Football has seen plenty of influential characters. There have been many players and managers who have left a mark on the game, but few will ever match the significant of the great Sir Bobby Robson.
A solid, unspectacular forward during his playing days, Robson took his reputation to new heights when he turned Ipswich Town into a genuine powerhouse during the 1970s, but that was just the start of perhaps the most influential managerial career of the last century.
While his eight years with England might seem more important on paper, Robson single-handedly changed the future of football in July 1992, when he headed over to Portugal to take charge of Sporting CP.
Given he didn't know a word of Portuguese, Robson needed help from a plucky upstart by the name of Jose Mourinho, with whom he built up a close relationship and eventually invited to become his assistant manager when he moved to Porto in 1994.
"What did he give me? I couldn't describe by words, and I wouldn't go in the football direction," Mourinho told Sky Sports News in 2019. "It's incredible what he means to the people and for me it's hard to speak about him."
Joining the fun at Porto was a 16-year-old Andre Villas-Boas, who joined the scouting team and was eventually helped through his coaching badges at the tender age of 17.
Robson was already building up an illustrious team of future stars, showcasing his unrivalled eye for backroom talent and using his gentle, nurturing personality to give these young soon-to-be's the kind of education that would see them become two of the biggest names in the game in just a few years.
However, that influence would soon step up when Robson and Mourinho took over at Barcelona in 1996, managing a side that included future world champion Pep Guardiola.
Fast-forward to March 12, 1997, and Robson was facing the sack at Camp Nou. Both his and Mourinho's careers were on the line as Barcelona went 3-0 down to Atletico Madrid in the first half of a Copa del Rey tie. Robson looked done, and his eventual replacement, Louis van Gaal, was already in attendance. Barcelona were certain Robson was cooked.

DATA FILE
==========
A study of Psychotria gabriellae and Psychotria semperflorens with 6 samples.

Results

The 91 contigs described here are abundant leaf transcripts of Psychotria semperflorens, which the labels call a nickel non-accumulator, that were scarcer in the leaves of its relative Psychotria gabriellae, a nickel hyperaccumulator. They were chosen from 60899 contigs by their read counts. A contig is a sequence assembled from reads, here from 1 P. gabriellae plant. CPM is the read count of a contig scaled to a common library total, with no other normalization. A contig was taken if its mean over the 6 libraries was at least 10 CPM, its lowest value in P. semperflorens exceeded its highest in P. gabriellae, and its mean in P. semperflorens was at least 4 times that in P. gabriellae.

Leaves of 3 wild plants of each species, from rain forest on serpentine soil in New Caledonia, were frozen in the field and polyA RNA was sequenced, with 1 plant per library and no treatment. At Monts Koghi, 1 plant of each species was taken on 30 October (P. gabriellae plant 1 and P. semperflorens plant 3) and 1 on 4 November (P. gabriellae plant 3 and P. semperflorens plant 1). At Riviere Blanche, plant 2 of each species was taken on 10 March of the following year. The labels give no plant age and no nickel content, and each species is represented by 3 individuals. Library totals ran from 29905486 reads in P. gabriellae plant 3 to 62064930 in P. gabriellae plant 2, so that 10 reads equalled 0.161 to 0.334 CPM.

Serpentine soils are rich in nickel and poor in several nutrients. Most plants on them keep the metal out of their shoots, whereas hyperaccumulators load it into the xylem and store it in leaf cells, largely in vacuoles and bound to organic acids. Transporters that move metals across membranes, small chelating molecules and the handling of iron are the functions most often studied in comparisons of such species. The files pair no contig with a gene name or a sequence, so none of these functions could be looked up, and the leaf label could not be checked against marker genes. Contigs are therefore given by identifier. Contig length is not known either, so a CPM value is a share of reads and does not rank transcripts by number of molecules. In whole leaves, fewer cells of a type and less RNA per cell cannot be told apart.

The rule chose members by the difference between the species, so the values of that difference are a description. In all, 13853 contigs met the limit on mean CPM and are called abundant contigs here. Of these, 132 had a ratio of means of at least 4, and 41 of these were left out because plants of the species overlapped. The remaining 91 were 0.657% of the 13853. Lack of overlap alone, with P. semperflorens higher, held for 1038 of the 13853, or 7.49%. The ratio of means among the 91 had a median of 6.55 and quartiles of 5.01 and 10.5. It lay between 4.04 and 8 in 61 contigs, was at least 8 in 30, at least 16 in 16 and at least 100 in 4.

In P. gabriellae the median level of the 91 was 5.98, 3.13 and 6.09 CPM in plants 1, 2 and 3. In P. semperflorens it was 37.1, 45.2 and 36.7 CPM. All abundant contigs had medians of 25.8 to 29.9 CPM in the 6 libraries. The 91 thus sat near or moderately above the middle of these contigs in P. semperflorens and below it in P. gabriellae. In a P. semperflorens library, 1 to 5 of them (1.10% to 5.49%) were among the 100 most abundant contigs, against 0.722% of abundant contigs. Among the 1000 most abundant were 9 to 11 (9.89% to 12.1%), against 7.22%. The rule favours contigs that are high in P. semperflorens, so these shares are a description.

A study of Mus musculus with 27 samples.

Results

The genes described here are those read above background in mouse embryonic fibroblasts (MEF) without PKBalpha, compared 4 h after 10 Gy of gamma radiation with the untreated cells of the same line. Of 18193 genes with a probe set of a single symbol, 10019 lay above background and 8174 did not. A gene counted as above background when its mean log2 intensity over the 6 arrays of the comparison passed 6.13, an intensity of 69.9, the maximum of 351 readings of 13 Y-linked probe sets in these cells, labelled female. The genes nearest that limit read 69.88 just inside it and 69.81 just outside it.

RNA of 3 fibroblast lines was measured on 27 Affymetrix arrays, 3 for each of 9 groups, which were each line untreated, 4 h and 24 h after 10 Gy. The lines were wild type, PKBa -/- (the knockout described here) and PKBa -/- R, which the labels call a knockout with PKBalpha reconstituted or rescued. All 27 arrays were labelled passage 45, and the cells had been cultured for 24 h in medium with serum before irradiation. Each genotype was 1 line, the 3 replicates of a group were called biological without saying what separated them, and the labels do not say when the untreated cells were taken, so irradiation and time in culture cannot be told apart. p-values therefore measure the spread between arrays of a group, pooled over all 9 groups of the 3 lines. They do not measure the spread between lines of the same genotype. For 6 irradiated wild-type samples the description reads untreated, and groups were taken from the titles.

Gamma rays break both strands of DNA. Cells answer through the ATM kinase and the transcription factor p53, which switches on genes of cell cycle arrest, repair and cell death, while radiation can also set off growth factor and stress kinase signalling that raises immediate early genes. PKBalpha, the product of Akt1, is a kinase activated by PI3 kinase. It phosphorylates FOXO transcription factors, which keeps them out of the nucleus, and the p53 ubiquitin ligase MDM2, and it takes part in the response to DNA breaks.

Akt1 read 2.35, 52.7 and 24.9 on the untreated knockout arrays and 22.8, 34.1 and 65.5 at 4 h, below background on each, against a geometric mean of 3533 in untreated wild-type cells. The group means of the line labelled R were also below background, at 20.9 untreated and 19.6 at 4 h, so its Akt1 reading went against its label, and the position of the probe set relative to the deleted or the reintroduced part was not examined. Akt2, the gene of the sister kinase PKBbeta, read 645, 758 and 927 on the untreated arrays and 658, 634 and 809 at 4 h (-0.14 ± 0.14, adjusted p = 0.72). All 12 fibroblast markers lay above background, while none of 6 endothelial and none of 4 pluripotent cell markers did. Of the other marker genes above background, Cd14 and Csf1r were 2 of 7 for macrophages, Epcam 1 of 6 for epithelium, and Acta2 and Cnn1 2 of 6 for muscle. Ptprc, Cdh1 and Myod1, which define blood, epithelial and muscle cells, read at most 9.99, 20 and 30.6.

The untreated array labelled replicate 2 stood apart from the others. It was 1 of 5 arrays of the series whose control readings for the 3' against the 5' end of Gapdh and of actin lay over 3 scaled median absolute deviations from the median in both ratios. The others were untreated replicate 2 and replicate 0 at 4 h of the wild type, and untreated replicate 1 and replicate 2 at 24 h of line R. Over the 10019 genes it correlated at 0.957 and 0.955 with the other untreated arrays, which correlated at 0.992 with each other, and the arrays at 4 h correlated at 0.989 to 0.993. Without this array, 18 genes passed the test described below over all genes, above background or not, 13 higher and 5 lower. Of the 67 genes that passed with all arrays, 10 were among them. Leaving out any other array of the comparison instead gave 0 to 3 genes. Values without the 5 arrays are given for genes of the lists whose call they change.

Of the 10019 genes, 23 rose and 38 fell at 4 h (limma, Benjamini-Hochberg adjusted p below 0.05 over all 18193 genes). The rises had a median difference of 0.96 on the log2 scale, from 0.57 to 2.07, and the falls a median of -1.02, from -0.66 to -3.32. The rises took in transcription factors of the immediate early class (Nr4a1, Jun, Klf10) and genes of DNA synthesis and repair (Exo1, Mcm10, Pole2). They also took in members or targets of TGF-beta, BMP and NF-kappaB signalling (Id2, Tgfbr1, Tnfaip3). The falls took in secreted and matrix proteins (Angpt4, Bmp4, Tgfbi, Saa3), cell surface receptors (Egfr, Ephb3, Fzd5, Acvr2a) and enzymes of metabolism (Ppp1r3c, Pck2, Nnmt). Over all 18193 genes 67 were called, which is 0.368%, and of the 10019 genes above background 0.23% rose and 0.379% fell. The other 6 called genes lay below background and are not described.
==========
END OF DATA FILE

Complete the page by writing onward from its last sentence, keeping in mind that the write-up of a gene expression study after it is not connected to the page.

Robson's half-time team talk may well be the most important moment in recent football memory.
The Englishman helped rebuild his side's confidence and brought in a tactical switch with led to Barcelona firing home five goals in the second half.
Robson kept his job, Mourinho's credibility was intact, but in another twist of fate, the boss' actions helped convince Guardiola that he wanted to become a manager once he hung his boots up.
"I learned a lot," Guardiola said during the film of Robson's career, Bobby Robson: More Than A Manager. "I thought, 'I want to become a manager,' because of how he handled that situation. It was incredible. It doesn't matter what the media says, everyone trying to push you: always try to be calm."
Robson retired from management in 2004, when he got to kick back and reap the rewards of all his hard work.
He watched Mourinho lead Porto to Champions League glory in 2004, before lifting two Premier League titles with Chelsea between 2004 and 2006. Robson even managed to catch Mourinho leading Inter to the Serie A title in 2009 before tragically losing his battle with lung cancer that summer.
However, while his death was obviously devastating, it came at such a storybook moment. Robson lived long enough to see Guardiola win La Liga, the Copa del Rey and the Champions League in his first year as Barcelona manager. His work was done.
Robson knew that he had played a major role in sculpting the careers of these two future greats, but he never learned the full extent of his impact.
It's almost hard to comprehend the number of trophies Robson did not get to see his disciples lift. Mourinho has added 11 major honours across three different countries since Robson's passing. Guardiola has brought in 31. Luis Enrique, part of his Barcelona team, won nine at Camp Nou. Even Villas-Boas has lifted seven across Portugal and Russia.
Without Robson, some of the greatest memories of the last 20 years may never have happened. Football today looks like it does because of him, and few people will ever have the honour of saying that.